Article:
Sandy suffering still acute in the Rockaways
by Staff Writers
New York City (AFP) Oct 28, 2013


A year on, the suffering wrought by Hurricane Sandy is still acute on the Rockaways, the narrow peninsula of Long Island once popular with day trippers and tourists.

Supermarkets are boarded up, many homes are not repaired and hundreds of people still rely on church handouts to survive.

When Hurricane Sandy slammed into the East Coast on the evening of October 29, thousands of homes were flooded, burnt or blown apart in the Rockaways.

Boardwalks were pulverized and thousands of people, many of them elderly, were left without electricity or heating as winter was starting to set in.

Jutting into the Atlantic, the Rockaways was one of the worst-hit areas, but there was a huge expression of solidarity.

Actors, sports stars, celebrities, rich New Yorkers and volunteers from across the country visited to help hand out clothes and supplies and assist the clean-up.

"We served over 80,000 meals, tons of water," said Reverend Les Mullings of the Church of the Nazarene.

Thousands of blankets and other emergency items were handed out as his church became a hub for a huge aid operation, he remembered proudly.

Repairs far from complete

In the affluent neighborhood of Belle Harbor, a five-foot (1.60-meter) high cement wall, reinforced with sandbags, has now been built to protect homes from the ocean.

Tonnes of extra sand have been shipped in to bolster flood-water defenses. Numerous damaged houses have been flattened entirely and others are being repaired.

But the boardwalks, particularly loved by the elderly, have yet to be fixed. The large "Key Food" supermarket next to a public housing project is closed and up for rent.

Noah Barth, a coordinator for Doctors of the World which has opened a free clinic for adults without health insurance, said there is no longer a supermarket for the 35 blocks between Beach 115 and Beach 69.

"People have to take the bus to get fresh food. Nutrition here is a big issue, it has an impact on health," he said. Diabetes and hypertension rates are high, for example.

Outside the shut-down supermarket, Margaret Lacy Cunningham, who is in a wheelchair, said that her daily life has become much more difficult since Sandy.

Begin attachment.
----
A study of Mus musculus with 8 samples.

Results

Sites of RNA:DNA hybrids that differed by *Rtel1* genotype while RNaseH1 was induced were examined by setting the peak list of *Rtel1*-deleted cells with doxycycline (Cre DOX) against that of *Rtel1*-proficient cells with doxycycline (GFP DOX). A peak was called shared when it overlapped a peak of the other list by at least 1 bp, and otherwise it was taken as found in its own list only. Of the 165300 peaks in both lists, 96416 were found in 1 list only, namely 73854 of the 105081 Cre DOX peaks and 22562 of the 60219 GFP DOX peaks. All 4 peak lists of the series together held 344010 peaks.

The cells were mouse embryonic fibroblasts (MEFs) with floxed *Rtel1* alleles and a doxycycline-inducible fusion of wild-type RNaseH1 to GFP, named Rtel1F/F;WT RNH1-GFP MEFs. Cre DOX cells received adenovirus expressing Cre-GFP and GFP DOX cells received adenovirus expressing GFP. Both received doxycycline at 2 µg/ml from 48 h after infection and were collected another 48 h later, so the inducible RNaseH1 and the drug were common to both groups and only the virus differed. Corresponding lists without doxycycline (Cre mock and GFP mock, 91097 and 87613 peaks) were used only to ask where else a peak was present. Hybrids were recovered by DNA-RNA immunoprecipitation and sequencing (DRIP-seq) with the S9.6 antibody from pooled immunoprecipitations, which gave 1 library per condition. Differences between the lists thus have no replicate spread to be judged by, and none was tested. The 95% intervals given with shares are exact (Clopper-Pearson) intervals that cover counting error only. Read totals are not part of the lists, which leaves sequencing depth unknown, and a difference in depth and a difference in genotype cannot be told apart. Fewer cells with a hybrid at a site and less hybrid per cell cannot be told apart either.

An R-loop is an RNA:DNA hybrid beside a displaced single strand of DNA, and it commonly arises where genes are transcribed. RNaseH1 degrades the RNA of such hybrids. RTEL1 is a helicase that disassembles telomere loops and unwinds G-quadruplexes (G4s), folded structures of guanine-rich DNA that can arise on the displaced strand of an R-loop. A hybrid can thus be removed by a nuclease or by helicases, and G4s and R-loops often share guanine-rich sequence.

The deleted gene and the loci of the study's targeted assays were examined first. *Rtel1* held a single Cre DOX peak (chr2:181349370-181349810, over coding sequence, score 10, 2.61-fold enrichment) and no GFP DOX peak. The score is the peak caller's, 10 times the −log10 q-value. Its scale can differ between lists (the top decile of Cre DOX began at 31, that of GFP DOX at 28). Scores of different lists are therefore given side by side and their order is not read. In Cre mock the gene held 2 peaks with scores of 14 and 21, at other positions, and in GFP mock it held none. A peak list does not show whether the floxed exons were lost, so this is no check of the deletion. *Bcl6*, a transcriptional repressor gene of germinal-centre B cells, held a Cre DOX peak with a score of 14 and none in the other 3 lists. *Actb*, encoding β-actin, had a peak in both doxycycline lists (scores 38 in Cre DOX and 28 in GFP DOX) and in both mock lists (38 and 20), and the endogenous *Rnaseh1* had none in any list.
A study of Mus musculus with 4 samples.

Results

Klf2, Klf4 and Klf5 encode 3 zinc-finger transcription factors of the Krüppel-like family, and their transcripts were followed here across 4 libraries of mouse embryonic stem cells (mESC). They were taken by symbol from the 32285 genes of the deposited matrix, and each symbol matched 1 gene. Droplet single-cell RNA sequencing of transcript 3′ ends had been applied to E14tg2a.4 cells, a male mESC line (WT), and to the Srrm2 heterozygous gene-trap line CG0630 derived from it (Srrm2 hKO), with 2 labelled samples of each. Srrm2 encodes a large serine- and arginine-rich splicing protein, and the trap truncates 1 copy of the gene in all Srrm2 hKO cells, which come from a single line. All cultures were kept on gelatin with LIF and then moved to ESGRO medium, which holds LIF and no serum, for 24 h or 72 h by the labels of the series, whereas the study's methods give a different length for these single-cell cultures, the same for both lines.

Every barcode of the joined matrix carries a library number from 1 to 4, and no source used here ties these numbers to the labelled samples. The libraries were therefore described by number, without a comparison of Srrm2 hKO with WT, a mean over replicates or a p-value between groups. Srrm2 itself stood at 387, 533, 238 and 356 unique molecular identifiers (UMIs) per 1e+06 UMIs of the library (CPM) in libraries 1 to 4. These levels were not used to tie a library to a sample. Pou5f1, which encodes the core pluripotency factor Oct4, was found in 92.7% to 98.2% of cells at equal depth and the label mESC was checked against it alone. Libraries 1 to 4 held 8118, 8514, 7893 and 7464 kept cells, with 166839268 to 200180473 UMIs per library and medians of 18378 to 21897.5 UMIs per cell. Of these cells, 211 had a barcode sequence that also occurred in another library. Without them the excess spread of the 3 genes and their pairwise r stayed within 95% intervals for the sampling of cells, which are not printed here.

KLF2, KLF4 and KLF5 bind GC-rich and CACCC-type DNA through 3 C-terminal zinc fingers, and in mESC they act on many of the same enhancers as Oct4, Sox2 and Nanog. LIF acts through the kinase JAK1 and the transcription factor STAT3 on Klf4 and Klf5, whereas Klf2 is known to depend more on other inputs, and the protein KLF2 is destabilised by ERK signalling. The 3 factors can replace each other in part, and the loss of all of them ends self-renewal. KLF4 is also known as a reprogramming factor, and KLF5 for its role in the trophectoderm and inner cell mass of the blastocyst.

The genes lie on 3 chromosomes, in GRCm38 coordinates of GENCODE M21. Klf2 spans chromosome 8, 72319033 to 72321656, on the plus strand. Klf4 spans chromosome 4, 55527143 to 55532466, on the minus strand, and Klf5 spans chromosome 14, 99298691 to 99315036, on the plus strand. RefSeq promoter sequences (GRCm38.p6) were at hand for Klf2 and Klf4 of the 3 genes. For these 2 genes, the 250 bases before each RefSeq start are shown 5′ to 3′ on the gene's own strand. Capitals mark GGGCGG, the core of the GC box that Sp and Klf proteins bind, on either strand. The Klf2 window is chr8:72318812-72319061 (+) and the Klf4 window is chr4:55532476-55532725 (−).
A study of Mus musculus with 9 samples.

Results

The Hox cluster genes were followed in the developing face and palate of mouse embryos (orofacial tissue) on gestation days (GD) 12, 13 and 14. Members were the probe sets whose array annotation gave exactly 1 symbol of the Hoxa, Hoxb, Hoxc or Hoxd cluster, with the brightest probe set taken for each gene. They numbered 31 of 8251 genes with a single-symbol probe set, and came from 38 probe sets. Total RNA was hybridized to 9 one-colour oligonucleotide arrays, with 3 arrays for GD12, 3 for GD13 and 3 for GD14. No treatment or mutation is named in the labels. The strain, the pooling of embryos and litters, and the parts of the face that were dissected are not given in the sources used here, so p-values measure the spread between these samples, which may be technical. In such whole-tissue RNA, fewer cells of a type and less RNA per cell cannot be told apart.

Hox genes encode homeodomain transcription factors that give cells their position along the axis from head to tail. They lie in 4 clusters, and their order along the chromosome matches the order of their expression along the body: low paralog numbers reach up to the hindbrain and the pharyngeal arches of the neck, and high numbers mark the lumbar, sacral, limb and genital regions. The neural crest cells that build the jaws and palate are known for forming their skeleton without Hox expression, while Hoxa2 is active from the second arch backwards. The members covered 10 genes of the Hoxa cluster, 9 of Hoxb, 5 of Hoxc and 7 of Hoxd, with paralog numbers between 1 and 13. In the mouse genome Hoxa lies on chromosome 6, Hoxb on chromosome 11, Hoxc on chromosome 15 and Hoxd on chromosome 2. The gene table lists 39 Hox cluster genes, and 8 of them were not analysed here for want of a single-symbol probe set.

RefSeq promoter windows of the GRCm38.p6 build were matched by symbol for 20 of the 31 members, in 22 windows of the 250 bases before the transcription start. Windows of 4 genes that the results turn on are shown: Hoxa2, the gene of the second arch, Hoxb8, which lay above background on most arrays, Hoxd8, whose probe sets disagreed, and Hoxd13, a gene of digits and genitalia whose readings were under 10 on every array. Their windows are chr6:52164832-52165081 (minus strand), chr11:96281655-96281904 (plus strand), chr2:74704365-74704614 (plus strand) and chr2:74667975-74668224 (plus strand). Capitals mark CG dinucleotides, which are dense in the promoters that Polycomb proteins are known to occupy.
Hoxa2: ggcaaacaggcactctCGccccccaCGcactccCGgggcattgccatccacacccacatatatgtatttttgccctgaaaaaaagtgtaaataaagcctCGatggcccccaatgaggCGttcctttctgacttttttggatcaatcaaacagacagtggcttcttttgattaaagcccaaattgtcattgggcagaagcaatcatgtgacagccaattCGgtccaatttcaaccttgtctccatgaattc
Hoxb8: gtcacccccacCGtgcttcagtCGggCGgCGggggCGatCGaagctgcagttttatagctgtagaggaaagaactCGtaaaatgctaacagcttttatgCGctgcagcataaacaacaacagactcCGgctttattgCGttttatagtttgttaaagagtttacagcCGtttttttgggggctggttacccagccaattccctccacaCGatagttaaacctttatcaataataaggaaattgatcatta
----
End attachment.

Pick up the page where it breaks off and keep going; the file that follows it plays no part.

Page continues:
"We need a grocery store, we need a Burger King or a McDonalds, we need a diner, a restaurant where people can sit and talk," she said.

Daily disruptions exacerbate the health side effects of the hurricane, said Barth. Sandy has caused mental depression, post-traumatic stress and anxiety, he said.

In the Rockaways, there are some wealthy residents but even before Sandy, 20 percent of the population lived below the poverty line.

For the poorest, life has got worse.

"Some people were struggling to make it, now they are not making it," said Reverend Mullings.

"All the social ills that plagued us all these years, all that Sandy did was compound it," he said.

Mullings said the money disbursed by the federal authorities has not necessarily helped.

Families who lived on $800 a month, suddenly found themselves eligible for payouts of $30,000 to $50,000 -- but "without adequate supervision," he said.

They splurged the cash on new cars, clothes or on jewelery and "now the money is gone," Mullings said.

These people are now back in line at the church, among the 500 people still given food packages each week.

"They needed help to manage the money," he said. "They are still hungry and that is our job to feed them."

'Takes a lot to get us out'

But the 123,000-member community in the Rockaways is strong and determined.

In Breezy Point, where more than 100 small homes were burnt during the hurricane, dozens of others are being build, if still on the sand.

This week also marked the reopening of the Madelaine chocolate factory, which was the largest employer on the peninsula before Sandy.

The factory, which gave jobs to more than 400 people, was completely flooded, stock worth more than $8 million was destroyed in minutes and tonnes of unusable chocolate was packed off to feed the pigs.

Little by little, machines are being prepared and so far more than 120 people have been re-employed, just in time for Christmas.

"It takes a lot to get us out of here, I don't think Sandy accomplished that," said a smiling Jorge Farber, CEO the Madelaine Chocolate Company.

"It's only one storm like that every 50 years, maybe we can relax for the next 50 years!"